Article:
A pregnant British woman accused of trafficking heroin in Laos will not face the death penalty because the law bans executing expectant convicts, a government spokesman said Tuesday.
Foreign Ministry spokesman Khenthong Nuanthasing also said the trial of 20-year-old Samantha Orobator would not be held until next week so that an "appropriate lawyer" could be found to defend her. It had been expected to start this week.
"It might take some time," Khenthong said by phone from the Laotian capital Vientiane, adding that his government would try its best to expedite the case. He said the Justice Ministry was compiling a list of lawyers _ who must be Lao nationals _ from which she could choose.
Orobator was arrested in August and charged with trying to smuggle 1.5 pounds (680 grams) of heroin in her luggage.
"According to the Lao law, anyone who possess over 500 grams (1.1 pounds) should be subject to death penalty," Khenthong said. "But there is another provision of criminal law ... that the death penalty will not apply to pregnant woman."
The circumstances of Orobator's pregnancy remained unclear, though Khenthong said that she told authorities in an interview after her arrest that she had become pregnant with her boyfriend.
The British legal charity Reprieve, however, said Orobator was currently five months pregnant, but because she had no access to counsel they could not confirm that, nor the circumstances under which she became pregnant.
Reprieve issued a statement Tuesday saying its representative, Anna Morris, had been barred from entering Phonthong prison despite having been scheduled to meet Orobator.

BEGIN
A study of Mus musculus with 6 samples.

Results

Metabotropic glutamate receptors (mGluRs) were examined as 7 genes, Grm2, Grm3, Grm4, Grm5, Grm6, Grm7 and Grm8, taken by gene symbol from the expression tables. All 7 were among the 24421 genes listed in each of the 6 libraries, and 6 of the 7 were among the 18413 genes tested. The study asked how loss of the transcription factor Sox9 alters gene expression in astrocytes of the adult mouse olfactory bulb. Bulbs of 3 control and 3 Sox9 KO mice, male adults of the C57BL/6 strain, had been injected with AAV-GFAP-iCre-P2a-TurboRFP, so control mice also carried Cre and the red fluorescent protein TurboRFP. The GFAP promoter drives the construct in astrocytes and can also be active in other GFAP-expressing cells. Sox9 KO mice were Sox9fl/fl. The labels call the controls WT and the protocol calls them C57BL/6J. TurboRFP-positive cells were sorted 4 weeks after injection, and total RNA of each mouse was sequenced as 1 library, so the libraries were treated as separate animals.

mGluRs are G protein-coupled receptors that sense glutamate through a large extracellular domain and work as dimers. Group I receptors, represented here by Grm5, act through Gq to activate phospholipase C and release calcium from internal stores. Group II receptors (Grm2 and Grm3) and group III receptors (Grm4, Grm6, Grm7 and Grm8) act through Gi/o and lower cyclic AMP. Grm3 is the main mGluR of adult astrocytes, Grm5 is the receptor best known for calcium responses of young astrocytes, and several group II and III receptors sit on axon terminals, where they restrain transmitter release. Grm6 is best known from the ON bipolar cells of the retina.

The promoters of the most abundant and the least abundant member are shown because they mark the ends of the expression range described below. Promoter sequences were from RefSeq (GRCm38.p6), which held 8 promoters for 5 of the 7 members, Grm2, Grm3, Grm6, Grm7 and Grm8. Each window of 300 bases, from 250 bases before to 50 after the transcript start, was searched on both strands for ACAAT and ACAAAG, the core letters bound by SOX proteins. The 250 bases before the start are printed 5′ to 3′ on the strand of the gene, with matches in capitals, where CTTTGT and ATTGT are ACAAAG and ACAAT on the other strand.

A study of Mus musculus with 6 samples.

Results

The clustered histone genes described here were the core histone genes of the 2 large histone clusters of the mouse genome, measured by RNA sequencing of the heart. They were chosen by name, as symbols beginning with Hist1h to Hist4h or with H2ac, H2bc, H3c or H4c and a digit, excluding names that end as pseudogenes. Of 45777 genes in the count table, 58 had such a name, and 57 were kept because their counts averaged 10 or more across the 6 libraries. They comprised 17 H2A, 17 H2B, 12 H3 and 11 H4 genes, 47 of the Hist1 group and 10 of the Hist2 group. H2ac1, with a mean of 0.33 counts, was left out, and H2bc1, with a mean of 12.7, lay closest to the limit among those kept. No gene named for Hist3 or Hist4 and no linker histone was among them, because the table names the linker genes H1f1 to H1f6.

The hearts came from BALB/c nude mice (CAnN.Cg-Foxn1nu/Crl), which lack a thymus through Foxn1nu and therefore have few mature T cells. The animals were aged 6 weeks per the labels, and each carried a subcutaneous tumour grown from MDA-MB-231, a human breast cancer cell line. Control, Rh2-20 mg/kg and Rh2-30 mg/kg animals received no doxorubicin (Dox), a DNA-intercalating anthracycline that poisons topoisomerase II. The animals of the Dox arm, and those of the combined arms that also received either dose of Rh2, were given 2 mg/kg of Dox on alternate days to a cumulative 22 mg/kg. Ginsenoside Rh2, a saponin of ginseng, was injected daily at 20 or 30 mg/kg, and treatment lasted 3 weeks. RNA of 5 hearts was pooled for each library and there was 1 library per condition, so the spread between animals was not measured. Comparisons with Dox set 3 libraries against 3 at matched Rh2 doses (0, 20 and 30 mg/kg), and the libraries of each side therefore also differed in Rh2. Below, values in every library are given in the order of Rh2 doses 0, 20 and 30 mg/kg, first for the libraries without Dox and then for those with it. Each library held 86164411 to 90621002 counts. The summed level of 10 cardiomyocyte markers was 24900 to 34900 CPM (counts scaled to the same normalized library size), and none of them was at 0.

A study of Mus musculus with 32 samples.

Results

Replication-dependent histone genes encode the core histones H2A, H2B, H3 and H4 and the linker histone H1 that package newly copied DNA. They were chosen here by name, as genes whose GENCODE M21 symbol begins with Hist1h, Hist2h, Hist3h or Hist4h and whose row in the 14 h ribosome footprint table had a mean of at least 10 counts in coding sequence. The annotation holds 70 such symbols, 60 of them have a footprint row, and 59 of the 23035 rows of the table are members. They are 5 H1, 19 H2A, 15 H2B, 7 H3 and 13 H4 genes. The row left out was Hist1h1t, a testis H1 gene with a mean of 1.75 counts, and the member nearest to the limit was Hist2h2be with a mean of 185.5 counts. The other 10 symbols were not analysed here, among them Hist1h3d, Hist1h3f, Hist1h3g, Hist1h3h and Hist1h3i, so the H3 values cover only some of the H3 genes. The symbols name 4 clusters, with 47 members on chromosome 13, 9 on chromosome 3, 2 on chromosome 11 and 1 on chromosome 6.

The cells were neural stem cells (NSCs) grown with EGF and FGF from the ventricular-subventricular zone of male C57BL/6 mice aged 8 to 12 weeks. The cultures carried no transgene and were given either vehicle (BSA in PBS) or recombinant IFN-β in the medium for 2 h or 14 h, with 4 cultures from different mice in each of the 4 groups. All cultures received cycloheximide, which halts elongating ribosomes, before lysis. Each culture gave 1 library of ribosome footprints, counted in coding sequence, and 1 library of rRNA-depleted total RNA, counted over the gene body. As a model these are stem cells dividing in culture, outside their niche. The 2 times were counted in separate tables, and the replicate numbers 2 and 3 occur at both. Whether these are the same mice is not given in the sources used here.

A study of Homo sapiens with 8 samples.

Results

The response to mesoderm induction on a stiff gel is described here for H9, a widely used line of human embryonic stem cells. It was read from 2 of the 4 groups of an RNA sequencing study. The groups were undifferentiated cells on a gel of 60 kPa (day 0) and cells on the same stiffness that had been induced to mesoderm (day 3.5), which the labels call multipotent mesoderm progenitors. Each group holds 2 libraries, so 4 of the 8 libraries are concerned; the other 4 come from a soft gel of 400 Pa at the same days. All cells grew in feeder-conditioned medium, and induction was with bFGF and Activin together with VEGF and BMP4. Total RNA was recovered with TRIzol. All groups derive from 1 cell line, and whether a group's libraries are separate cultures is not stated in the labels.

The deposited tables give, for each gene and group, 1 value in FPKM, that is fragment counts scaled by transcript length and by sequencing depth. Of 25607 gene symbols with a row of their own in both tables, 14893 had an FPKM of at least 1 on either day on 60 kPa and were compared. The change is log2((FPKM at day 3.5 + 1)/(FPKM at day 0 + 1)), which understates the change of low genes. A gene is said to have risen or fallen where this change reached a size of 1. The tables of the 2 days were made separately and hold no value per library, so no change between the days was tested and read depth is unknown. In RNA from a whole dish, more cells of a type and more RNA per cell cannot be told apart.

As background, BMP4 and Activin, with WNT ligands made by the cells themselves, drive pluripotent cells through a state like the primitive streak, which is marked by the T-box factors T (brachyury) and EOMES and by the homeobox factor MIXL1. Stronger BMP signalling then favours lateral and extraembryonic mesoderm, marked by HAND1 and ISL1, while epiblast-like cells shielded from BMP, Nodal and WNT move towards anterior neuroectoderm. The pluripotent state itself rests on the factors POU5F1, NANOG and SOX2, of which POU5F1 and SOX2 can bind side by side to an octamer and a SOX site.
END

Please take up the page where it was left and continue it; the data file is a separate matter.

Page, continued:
"I am deeply frustrated by the lack of access to this vulnerable young woman. This is preventing Reprieve from obtaining firsthand knowledge of her welfare and how she is being treated in prison," the statement quoted Morris as saying. "We urge the Lao authorities to allow us access to speak to Samantha as promised, to appoint her a Laotian lawyer and to conduct a fair and open trial process."
In a response e-mailed to The Associated Press, Khenthong said "the Lao Government never denied ... access to Samantha" and that the group should recognize Laos "has its own law and rules."
It was not clear what Morris had done to try to secure access to Orobator, and she did not answer her phone when called for comment.
He said Obobator's trial will be open for all parties concerned, particularly the British consul-general and officials from the Australian Embassy, which handles British interests in Laos. Britain has no embassy in Laos.
Orobator had been in jail for months before the British government learned of her detention. British diplomats and doctors have since visited her, according to the British Foreign Office.
Laos is a one-party state and rights groups say the judicial system is beholden to the communist regime that has ruled since 1975.